Sexuality, gossip, confusion and Catholic school

Illustration by Blair Gauntt

The dresser next to Alyssa’s bed is white. I take note of it as I start my second glass of wine, thinking how tragic it would be if I spilled. It’s Saturday. I don’t need another drink but say I need another drink as I read the situation, one I’ve found myself facing for the past year or so. I’m attracted to women, but don’t know how to view it without a lens. Media portrayals say it’s hot, Catholicism says it’s not. Sexuality clouded by a sea of confusion. She sets her glass down on the dresser next to mine and shows me all her DVDs. Gilmore Girls. That’s it.

I immediately ask if I can kiss her.

I graduated from Xavier High School in 2012. Overall, it was a pretty typical “white girl in suburban Iowa high school” experience. There were sports, theater. Occasionally, someone threw a party that got busted by the cops and everyone had to run. Bullying happened often. Most notably, through gossip. The bread and butter of insecure 16-year-old teenagers. If you hid anything at Xavier, somebody always had the ability to sniff it out. Word traveled fast. Validity never mattered.

If people thought it was true, it was.

Assumptions led to suspicion. Inadvertently or not, I felt friends start to pull away. Shorter hugs between passing periods. No more pet names to greet one another. Once everyone thought they knew what I didn’t, everything shifted. We’d stop huddling in the same dressing room to try on homecoming dresses. Compliments became curt. “Your butt looks amazing in those jeans” changed to “you look good.” No one wanted to cross a line in the sand I never realized I had drawn.

I began to internalize feelings of loneliness. My friends got hit on more frequently than me and I couldn’t decipher why I was missing out on my Rachel-Leigh-Cook-kissing-Freddie-Prince-Jr.-in-She’s-All-That moment. I started to self-harm. A lot. Everywhere I went, a knowing feeling followed. If I hung out with certain friends more than others, I was afraid it would come off that we were dating. When I’d fight theology teachers, pointing out subtle homosexuality in the Old Testament, I thought everyone knew. She likes girls, they’d say. That’s why boys don’t kiss her. That’s why her high school crush calls her “intense.” Defective. When I admired strong women, I said I had a girl crush. Are you sure? My friends would ask. Are you sure it’s not just a crush?

What’s more isolating than figuring out your sexuality is the feeling everyone already found it for you.

I posted a photo of my best friend and I after we graduated college. My arms wrapped around her. Her kissing my cheek. I wrote a nice Instagram caption. Immediately, my inbox flooded with friends from high school who knew. Who thought they knew. I’m happy you’re happy, they told me, despite the fact I had started seeing a guy I was interested in. I didn’t want any person to claim they had me figured out before I did. There’s no battle to be had but a booth of people waiting for me to pull a chair up as they pat my knee saying “oh honey, we know. We’ve always known.”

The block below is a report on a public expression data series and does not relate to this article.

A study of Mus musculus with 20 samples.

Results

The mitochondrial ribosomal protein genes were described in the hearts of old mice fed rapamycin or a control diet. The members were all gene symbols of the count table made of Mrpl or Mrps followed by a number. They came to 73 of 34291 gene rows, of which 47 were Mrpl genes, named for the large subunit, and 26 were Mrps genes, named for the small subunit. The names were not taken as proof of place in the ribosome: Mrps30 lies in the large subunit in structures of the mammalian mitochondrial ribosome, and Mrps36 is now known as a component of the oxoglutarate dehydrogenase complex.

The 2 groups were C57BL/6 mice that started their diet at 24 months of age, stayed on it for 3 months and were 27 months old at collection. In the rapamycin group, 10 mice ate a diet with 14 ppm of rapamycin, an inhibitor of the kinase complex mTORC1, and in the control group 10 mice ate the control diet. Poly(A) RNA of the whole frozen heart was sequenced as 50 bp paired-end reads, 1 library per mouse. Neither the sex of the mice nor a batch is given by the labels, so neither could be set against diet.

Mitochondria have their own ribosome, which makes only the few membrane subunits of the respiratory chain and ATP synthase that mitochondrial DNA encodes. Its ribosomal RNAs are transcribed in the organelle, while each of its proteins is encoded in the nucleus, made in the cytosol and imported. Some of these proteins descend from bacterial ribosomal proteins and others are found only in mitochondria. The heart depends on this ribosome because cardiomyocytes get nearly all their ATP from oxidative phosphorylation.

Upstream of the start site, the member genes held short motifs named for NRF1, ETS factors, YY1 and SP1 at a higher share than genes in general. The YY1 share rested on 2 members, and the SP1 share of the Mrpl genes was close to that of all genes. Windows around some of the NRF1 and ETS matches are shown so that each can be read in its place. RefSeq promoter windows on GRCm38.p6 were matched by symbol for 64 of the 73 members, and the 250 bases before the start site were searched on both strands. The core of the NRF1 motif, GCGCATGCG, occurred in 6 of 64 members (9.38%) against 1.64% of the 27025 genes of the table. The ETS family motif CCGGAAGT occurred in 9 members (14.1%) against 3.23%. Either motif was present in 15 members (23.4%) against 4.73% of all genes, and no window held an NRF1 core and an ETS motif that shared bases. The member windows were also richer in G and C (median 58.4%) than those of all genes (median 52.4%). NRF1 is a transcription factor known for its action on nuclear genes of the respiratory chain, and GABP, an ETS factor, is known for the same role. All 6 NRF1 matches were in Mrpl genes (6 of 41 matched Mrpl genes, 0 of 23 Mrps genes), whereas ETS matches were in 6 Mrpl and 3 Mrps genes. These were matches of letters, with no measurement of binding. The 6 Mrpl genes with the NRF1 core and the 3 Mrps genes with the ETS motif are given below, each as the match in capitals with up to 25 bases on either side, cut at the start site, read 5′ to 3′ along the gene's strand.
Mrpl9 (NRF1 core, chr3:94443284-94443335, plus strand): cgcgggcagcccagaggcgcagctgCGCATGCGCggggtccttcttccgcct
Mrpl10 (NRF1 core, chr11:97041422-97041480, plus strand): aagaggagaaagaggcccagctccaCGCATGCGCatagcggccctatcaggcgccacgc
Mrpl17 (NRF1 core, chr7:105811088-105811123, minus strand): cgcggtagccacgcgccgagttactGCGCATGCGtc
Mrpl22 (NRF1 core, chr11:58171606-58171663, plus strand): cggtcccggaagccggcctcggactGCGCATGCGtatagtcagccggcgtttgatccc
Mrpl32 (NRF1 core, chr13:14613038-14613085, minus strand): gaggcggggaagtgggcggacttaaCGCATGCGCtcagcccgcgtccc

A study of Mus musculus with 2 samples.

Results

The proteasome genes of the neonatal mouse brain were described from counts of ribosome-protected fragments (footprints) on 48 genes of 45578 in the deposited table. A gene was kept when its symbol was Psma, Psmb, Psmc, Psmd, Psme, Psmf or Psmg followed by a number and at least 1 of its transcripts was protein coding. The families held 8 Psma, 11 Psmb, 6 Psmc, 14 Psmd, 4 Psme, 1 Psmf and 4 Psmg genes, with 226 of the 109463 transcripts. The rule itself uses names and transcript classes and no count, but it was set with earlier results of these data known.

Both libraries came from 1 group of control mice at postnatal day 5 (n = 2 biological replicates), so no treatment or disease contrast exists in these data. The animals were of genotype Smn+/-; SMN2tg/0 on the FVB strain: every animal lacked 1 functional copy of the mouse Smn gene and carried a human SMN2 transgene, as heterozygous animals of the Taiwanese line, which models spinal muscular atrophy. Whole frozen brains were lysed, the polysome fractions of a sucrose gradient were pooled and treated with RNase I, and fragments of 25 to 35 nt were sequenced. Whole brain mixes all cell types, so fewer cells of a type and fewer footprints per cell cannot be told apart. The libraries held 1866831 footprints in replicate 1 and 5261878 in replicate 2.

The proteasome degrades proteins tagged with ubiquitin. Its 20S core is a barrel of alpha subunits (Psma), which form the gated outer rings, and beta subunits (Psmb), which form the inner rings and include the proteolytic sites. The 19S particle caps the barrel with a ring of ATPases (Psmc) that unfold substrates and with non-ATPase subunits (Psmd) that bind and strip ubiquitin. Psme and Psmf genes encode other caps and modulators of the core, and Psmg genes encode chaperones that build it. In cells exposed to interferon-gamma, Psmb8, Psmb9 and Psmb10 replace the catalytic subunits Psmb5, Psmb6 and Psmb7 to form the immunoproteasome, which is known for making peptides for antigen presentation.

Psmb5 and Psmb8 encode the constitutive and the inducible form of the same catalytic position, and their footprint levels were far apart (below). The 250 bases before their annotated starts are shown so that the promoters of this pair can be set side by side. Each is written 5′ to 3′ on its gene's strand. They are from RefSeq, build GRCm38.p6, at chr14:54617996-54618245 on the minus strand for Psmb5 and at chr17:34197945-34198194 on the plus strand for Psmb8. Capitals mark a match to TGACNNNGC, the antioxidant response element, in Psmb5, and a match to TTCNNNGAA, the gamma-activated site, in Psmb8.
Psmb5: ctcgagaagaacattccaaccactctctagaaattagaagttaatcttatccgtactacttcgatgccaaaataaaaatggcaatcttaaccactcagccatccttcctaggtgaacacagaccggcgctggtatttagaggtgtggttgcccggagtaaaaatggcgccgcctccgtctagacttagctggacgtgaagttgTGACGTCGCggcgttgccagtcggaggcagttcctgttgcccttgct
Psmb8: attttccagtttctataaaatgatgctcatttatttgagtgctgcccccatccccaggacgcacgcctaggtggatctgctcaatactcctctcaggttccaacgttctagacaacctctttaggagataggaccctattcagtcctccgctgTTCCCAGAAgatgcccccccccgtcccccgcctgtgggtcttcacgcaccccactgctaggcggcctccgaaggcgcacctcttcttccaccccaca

Assumptions. Suspicions. Results.

Further reading: Cedar Rapids’ Xavier High School upholds Catholic doctrine at the expense of LGBTQ students

At 24 years old, I’ve only now begun undoing years of disappointment. Nights spent kicking myself, losing sleep over conflicted feelings towards friends have translated into nights spent kicking myself for acting on those feelings. Anxiety has become full-blown paranoia. I can’t hug or be proud of my female friends without feeling like they hate me. That they’re not going to invite me to sleepovers because I put my sleeping bag too close to theirs. At 17, I felt alone. It’s a loneliness that morphed into isolating myself from people whenever I feel I’m growing too close. There’s so much weaving to unweave from growing up in a community that taught you marriage is for men and women. That prom is, and still is, for men and women.

That who you love defines who you are in accordance with Catholic scripture.

Alyssa has her arms around me. I wait until she falls asleep before I sneak out, gathering my clothes by the illuminated light of my phone. My earrings, my wallet, my shirt. Maybe, in another life, I stay long enough to see breakfast. Pancakes that sit on her white dresser, covering the wine ring from the night before. Maybe she becomes my favorite place. But right now, I can’t shake the feeling that the weight of her arms around me is less than what I’m supposed to be used to. That she smells different than men I usually wake up with.

I know no way of communicating this than through a text the next morning saying, “I just can’t be emotionally intimate, right now.” I feel terrible knowing she’ll wake up to someone who fled in shame, but I still go. Knock over the red wine, stain the white dresser and don’t even say goodbye.